Your tax return may be rejected by the IRS for a number of reasons. Here’s what you should know and do about a rejected tax return.
The IRS generally rejects tax returns that have missing or incorrect information, like your legal name. For example, if you file your taxes with a nickname and not your full legal name, the IRS may reject your return. Missing or incorrect information is usually easy to correct, and most times you can refile online.
In some cases, your return may be rejected because a return was already filed with your Social Security number. This can happen if someone used your Social Security number to file on your behalf, to try to collect your tax refund. If this happens to you, you may need to send in a corrected tax return, depending on the issue. In this instance, you often will be required to mail in a corrected return.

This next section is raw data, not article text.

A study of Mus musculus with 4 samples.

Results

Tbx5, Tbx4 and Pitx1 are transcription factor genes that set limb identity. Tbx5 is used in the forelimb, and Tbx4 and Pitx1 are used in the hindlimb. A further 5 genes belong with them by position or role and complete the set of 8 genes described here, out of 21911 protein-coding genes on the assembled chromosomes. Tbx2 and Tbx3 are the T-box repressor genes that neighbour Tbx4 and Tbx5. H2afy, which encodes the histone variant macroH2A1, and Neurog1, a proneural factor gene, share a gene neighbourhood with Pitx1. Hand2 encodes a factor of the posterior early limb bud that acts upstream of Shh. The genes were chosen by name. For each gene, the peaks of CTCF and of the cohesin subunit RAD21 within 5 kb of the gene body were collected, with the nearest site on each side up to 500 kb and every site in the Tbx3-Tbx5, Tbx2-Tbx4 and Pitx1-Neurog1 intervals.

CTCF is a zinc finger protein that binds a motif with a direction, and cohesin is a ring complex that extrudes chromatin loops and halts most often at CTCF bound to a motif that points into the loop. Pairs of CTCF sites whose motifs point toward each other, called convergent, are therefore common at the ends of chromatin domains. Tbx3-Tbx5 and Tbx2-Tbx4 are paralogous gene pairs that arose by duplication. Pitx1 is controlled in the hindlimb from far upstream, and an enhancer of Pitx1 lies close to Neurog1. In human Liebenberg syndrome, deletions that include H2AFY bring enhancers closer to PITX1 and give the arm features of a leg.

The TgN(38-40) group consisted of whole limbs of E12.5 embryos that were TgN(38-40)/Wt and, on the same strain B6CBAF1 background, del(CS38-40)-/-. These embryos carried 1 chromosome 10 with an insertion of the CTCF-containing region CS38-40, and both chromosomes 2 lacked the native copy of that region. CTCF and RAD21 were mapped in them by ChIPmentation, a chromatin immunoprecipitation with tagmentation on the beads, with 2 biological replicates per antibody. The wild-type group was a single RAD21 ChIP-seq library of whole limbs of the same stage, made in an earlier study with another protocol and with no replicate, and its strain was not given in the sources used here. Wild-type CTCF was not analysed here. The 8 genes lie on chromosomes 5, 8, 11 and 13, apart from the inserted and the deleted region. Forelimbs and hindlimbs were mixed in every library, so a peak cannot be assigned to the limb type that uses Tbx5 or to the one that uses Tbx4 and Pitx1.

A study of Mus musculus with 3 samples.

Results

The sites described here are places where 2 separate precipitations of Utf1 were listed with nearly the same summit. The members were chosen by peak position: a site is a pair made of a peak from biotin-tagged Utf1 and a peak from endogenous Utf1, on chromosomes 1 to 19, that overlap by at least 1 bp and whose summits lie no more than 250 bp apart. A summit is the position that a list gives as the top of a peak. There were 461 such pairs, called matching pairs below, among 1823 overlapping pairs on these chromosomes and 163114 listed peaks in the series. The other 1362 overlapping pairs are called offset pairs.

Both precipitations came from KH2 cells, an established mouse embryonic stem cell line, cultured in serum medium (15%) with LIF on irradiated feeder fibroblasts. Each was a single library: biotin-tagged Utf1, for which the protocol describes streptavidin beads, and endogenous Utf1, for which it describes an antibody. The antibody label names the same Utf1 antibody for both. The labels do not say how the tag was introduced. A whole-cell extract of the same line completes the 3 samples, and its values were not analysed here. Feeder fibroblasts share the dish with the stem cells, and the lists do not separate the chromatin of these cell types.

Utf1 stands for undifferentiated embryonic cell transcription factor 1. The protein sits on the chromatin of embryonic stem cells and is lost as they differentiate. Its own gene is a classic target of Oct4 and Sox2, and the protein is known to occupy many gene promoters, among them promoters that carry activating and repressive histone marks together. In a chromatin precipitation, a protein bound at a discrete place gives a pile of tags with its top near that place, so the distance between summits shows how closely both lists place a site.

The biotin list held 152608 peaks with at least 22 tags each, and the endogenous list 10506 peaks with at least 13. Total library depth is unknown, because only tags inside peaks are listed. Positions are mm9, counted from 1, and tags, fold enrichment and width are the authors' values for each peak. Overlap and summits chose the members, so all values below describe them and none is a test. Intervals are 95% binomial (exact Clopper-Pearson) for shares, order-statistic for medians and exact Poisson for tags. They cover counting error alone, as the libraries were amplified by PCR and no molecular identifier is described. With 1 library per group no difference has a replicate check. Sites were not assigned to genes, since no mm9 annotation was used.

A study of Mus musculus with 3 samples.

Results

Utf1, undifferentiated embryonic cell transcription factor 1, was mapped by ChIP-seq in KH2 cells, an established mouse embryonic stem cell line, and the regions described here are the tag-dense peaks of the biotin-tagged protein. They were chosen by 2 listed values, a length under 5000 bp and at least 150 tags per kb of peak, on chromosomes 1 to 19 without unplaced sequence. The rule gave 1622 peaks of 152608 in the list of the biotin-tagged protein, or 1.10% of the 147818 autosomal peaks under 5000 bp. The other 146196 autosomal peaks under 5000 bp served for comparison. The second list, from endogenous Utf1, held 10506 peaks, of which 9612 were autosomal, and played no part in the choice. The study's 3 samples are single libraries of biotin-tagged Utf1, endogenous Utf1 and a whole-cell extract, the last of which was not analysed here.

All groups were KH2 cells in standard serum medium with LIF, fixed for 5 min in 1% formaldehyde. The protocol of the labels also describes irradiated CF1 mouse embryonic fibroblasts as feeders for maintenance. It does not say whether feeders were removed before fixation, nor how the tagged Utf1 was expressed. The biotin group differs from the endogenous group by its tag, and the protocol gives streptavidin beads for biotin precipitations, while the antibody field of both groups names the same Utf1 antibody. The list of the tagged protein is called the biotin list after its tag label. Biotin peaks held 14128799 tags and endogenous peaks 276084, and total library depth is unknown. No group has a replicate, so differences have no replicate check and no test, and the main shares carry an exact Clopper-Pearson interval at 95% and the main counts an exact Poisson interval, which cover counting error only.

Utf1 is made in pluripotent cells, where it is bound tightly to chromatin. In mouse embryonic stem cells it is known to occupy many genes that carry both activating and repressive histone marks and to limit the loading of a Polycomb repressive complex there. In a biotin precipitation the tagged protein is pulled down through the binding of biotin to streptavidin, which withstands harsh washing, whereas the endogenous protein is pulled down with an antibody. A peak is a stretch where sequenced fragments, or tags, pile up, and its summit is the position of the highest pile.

Your return generally won’t be rejected if your math is wrong. For instance, if you calculate that you owe the IRS $1,000 in taxes and the agency finds a mistake indicating you actually owe them more, say $1,500, it will accept your return, make the correction, and send you a letter indicating your new balance.
During tax season, scammers may reach out to you about issues with your tax return or bill. The IRS will not reach out to you via text or email. Instead, you’ll receive a letter if your return is rejected, with the reason why printed there. If you receive a phone call asking you to pay a sum of money to fix or correct your taxes, it’s likely a scam.